By Adriana Hidalgo
So, there I was, standing at 5893 meters above sea level, at the top of the highest active volcano in the world. While the first sun beams started warming my face, I glanced at the most impressive scenery I had ever seen. I could barely feel my toes and I was extremely exhausted. But standing there with a crater full of ashes in front of my face, dozens of Andean peaks surrounding me, and a white snow valley underneath my feet, I wondered, “Was this worth it?”
I started this “vertical journey” 10 years ago, when I decided that I couldn’t live in fear of too many things anymore. My fear of spiders and stray dogs were a lot harder to get rid of, but I could do something about the heights. Mountains and climbing were not only the solution to my fear, but they also gave my life a new direction as I started to get more adventurous in my own country and later, around the world.
It was 12:00 am when the summit attempt started. I took my first step outside of the REFUGIO DEL COTOPAXI and the cold air made me realize that the three pairs of pants, socks and four jackets I was wearing were just enough for what was ahead. I looked up to see a clear, full moon and the summit that appeared to be much closer than it was. I was the personification of motivation at that point. I was happily carrying in my backpack, my ice equipment, warm water and lots of sweets. In front of me, our guide, The Wolf, was celebrating his birthday and my friend Maria Emilia was behind me. We were one of the first groups to start our attempt that night.
To reach the top, you need to go through a lot. First, about three hours of walking on dry lava dust. Once you get to the glacier, the real challenge begins. In October, the ice is hard and thick, so every step requires a lot of energy. However, seeing the gigantic and unusual formations that the snow has been sculpting on the snowy slopes for centuries made up for all the effort.
It was 3:30 am. We were silently walking one of the easiest parts of the way when I looked down. It was clear enough to see the landscapes the lava had painted over multiple eruptions, the smaller neighboring mountains, and far away my hometown, Quito, which was illuminated in the distance. I suddenly felt I needed to go home. I was cold, tired, and in urgent need of a shower and a warm bed. Nonetheless, my team had other plans. And since my two months of preparation for this climb were well planned, I was in good physical shape. So, they decided to ignore my complaints and we kept going. We were at 5500 meters above the sea level and we had already crossed the most dangerous area of cracks on the mountain. We were only 400 meters away from the top.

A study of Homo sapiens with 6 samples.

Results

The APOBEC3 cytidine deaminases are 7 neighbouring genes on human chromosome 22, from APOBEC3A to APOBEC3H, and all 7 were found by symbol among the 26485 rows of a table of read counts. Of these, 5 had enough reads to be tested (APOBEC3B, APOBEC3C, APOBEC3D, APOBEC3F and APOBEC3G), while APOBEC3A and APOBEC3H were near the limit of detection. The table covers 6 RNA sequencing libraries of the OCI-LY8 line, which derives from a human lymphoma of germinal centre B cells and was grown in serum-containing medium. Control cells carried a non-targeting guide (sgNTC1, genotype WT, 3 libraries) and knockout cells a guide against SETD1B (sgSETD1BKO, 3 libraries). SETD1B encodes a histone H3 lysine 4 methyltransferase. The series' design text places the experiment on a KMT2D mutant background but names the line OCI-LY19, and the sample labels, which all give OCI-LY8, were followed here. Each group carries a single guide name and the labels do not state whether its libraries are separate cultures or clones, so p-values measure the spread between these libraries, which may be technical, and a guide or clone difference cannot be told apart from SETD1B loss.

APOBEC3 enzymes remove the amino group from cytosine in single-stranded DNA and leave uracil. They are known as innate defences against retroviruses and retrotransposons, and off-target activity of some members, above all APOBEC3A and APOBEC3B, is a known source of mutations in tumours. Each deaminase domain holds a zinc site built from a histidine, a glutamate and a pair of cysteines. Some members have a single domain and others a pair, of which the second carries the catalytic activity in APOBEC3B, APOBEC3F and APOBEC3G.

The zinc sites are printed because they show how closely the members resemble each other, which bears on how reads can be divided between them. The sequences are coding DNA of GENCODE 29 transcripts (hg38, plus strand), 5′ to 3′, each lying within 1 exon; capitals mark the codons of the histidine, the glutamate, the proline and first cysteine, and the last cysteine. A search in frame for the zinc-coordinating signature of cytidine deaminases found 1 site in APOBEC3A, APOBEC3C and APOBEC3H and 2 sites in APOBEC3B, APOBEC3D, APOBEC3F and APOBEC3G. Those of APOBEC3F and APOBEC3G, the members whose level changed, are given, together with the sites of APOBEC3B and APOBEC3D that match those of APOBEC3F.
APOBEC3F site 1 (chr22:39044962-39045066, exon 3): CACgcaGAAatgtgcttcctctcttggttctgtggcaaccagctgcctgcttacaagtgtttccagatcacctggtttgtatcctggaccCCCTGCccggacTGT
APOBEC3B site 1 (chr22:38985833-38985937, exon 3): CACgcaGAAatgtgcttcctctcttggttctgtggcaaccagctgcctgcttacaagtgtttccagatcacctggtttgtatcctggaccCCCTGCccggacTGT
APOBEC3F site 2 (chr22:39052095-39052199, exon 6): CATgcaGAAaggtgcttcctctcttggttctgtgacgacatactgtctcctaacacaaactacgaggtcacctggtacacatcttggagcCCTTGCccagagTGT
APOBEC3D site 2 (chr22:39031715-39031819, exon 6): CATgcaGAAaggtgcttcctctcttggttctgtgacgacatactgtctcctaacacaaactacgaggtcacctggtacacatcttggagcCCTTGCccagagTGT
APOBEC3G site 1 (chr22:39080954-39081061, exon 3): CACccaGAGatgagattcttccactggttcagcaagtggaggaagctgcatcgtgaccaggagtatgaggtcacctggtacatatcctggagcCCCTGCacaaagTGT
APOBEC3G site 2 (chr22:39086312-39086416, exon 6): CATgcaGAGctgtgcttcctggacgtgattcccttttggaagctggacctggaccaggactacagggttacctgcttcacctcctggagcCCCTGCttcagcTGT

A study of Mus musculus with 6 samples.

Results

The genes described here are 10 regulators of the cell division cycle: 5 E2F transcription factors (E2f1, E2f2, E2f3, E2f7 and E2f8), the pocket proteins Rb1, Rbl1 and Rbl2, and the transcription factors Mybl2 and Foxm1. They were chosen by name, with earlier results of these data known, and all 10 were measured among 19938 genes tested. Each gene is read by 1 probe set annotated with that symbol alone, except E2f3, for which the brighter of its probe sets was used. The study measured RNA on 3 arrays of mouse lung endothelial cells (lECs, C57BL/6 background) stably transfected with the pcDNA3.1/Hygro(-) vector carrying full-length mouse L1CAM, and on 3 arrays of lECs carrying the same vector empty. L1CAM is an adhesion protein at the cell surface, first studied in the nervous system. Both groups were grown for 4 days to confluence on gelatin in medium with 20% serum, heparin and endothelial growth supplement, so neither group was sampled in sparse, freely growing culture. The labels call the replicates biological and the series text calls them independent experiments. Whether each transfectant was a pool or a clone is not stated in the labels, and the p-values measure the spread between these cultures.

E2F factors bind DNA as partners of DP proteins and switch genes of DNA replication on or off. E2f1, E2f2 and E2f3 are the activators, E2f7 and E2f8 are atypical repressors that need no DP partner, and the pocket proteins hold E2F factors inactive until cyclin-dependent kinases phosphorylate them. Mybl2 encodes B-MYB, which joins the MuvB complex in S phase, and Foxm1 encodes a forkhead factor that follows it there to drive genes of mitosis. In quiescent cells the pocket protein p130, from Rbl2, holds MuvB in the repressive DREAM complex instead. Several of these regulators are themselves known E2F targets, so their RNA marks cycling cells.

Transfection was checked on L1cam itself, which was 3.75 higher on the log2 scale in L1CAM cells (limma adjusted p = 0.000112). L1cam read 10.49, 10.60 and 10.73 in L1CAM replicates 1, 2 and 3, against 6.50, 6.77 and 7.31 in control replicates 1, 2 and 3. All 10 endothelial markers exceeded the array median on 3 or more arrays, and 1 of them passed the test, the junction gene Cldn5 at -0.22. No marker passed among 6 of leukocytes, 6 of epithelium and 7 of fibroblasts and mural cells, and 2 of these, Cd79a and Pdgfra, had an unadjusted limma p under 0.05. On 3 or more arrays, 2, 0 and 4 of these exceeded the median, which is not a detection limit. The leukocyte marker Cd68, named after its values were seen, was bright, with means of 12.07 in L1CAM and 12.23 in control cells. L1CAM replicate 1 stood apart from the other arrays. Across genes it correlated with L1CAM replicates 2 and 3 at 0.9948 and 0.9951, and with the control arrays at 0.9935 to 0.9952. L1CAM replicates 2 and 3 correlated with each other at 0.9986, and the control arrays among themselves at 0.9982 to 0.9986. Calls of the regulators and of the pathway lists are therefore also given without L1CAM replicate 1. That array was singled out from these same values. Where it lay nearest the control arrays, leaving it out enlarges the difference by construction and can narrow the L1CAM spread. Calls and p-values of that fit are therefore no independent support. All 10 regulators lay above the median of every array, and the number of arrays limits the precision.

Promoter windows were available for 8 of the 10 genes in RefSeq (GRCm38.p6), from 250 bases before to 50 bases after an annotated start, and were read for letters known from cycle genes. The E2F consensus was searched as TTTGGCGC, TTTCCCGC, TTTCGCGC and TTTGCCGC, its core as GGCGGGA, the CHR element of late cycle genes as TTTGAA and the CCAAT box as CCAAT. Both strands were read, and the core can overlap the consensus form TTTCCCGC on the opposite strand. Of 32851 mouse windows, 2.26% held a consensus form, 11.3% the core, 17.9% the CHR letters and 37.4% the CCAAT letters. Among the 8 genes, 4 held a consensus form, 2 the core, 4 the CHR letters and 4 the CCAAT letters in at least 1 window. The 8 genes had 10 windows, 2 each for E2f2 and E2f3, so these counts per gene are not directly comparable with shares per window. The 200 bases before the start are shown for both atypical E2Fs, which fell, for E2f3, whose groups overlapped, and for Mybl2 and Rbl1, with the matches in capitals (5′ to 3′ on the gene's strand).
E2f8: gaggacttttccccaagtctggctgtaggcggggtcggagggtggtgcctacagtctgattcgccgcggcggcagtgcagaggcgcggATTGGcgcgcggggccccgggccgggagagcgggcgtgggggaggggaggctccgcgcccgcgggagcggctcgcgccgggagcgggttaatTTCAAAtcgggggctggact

Those 400 meters were honestly the most challenging couple hours of my life. With me, unstoppably asking myself, “Why?” I was thirsty, hungry, and dragging my body the best I could through the rocks and ice. The last couple of meters took a lot of motivation from strangers, caffeine, chocolate, and pride. And then, I was there. Seven hours later, we were standing at the top of the volcano I had been seeing every day on my way to school since I was five years old. The one that felt unreachable and impossible, and I was standing at the top of it. I felt so many things at that moment, that I couldn’t even cry.
The way back was just as hard. I was the last one to reach the top and the last one to leave the mountain that day. And then, as soon as I reached the car, it all hit me. The unmeasurable beauty of nature, the city lights, the uncountable shooting stars, the conversations while freezing, the promises of not doing it again, the laughs and tears with strangers, the sound of the ice breaking underneath my feet, the labyrinths of giant stalagmites, the crater, the weight of my bag… Was it worth it? It absolutely was, and I can't wait to do it all again.